I see that five former Democratic chairs of the Council of Economic Advisers warned of an impending debt crisis in a column in the Washington Post. They tell us that current and projected future levels of deficits and debts will soon send interest rates soaring, crashing the economy. While I am skeptical about the basic proposition for a number of reasons, perhaps most importantly Japan's persistently low interest and inflation rates in spite of a debt-to-GDP ratio that is two and a half times ours, but let me offer a solution: selling off patent monopolies.
We can sell off patent monopolies in all sorts of areas, auctioning off as many as are necessary to make our deficit hawks happy. For example, we can sell off a patent on the idea of turning left at a fork in the road. If people try to get around the patent by taking three rights, we can sell off the patent on turning right at the fork in the road. And of course, we can sell off a patent on turning around and going in the opposite direction to take care of these wise asses.
We can sell off patents on boiling water and making ice. We can make as long a list as we like, there are no shortage of items which we can turn into patent monopolies.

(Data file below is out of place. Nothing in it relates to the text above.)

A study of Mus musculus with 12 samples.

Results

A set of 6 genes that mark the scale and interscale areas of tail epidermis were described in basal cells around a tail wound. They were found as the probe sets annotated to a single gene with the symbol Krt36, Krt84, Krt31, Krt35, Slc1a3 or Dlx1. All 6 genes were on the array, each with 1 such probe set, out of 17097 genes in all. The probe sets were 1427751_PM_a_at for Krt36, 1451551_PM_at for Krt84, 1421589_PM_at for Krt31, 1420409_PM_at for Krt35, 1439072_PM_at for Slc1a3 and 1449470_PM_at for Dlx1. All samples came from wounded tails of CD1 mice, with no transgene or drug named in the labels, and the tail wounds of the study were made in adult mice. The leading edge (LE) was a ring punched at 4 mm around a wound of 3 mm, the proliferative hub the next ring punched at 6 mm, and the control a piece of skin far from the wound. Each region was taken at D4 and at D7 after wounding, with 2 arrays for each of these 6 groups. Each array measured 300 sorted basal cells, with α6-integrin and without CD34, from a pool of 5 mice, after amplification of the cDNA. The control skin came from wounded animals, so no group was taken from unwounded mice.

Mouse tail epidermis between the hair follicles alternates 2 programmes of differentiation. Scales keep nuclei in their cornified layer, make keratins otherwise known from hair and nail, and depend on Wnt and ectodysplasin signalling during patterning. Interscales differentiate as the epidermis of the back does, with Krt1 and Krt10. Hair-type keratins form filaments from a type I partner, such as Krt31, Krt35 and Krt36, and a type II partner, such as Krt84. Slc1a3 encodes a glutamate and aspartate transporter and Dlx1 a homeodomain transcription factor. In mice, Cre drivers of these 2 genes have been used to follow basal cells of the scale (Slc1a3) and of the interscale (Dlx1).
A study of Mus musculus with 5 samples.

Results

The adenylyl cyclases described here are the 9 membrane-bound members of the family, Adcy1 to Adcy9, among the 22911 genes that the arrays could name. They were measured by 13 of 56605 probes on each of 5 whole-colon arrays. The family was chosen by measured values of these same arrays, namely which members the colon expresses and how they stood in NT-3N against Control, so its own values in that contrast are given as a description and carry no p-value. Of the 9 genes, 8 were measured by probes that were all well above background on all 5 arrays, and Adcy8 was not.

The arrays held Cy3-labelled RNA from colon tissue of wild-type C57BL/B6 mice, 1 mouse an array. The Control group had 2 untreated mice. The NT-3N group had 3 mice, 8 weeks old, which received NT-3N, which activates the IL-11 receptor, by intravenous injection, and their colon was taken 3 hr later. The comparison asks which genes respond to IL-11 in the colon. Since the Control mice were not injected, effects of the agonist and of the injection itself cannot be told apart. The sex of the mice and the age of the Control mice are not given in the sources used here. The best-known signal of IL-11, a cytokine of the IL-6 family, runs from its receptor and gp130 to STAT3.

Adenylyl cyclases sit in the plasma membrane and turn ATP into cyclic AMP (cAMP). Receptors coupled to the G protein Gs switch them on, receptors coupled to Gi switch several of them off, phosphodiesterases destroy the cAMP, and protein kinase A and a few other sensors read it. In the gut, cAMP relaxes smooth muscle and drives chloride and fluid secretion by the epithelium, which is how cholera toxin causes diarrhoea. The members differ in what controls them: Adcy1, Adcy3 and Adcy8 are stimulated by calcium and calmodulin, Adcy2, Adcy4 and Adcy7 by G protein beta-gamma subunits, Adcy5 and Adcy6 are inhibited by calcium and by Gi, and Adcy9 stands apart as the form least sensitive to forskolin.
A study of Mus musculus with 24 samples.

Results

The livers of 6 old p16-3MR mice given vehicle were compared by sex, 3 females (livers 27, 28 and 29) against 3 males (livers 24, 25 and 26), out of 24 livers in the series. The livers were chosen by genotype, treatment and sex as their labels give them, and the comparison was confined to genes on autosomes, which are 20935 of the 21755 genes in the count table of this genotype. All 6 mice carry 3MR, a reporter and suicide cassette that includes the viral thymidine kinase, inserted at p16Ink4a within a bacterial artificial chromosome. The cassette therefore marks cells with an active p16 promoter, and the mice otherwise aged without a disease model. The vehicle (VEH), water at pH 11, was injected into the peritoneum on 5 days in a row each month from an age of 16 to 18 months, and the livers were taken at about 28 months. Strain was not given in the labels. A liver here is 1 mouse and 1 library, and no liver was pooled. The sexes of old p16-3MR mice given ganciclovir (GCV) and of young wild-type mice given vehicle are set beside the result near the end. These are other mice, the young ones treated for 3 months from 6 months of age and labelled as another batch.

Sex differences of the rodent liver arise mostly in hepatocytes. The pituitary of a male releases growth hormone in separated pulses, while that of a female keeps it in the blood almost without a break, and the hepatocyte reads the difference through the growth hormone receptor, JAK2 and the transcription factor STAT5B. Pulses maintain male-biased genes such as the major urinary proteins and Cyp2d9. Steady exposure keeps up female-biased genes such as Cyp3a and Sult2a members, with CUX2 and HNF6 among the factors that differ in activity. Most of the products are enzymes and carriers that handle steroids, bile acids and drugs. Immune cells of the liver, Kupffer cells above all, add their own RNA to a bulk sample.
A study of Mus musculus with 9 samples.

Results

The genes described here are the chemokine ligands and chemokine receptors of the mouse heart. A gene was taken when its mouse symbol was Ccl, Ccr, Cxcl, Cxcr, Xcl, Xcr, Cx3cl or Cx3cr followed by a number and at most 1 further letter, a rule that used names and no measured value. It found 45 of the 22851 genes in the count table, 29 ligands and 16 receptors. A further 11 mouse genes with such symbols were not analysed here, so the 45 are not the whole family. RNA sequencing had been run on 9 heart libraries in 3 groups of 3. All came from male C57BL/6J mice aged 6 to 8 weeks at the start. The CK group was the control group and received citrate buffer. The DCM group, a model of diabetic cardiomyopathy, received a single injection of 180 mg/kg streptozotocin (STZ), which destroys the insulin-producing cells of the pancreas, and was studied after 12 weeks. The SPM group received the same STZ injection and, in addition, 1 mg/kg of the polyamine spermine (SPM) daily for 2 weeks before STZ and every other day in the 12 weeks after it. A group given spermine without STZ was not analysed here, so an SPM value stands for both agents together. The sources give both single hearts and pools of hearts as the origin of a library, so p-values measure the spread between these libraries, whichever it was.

Is this horrible economic policy? Of course it is, but our deficit hawks never pay attention to the obligations we impose on future taxpayers by granting patent and copyright monopolies, they just look at the debt. So, if that s all they care about, let's solve the debt problem by issuing more patent and copyright monopolies and make many of our country's leading economists happy.
And, just to be clear, we are talking about enormous sums of money. In the case of prescription drugs alone, patent and related protections cost us around $370 billion a year. This is almost 2.0 percent of GDP or more than twice the burden of interest service on the debt, net of money refunded by the Fed. (This is discussed in my [free] book Rigged: How Globalization and the Rules of the Modern Economy Were Structured to Make the Rich Richer.)
We could clearly raise enough money by selling off various patent and copyright monopolies to get our debt down to whatever size is needed to make our economists happy. It's stupid policy, but as the old saying goes, economists are not very good at economics.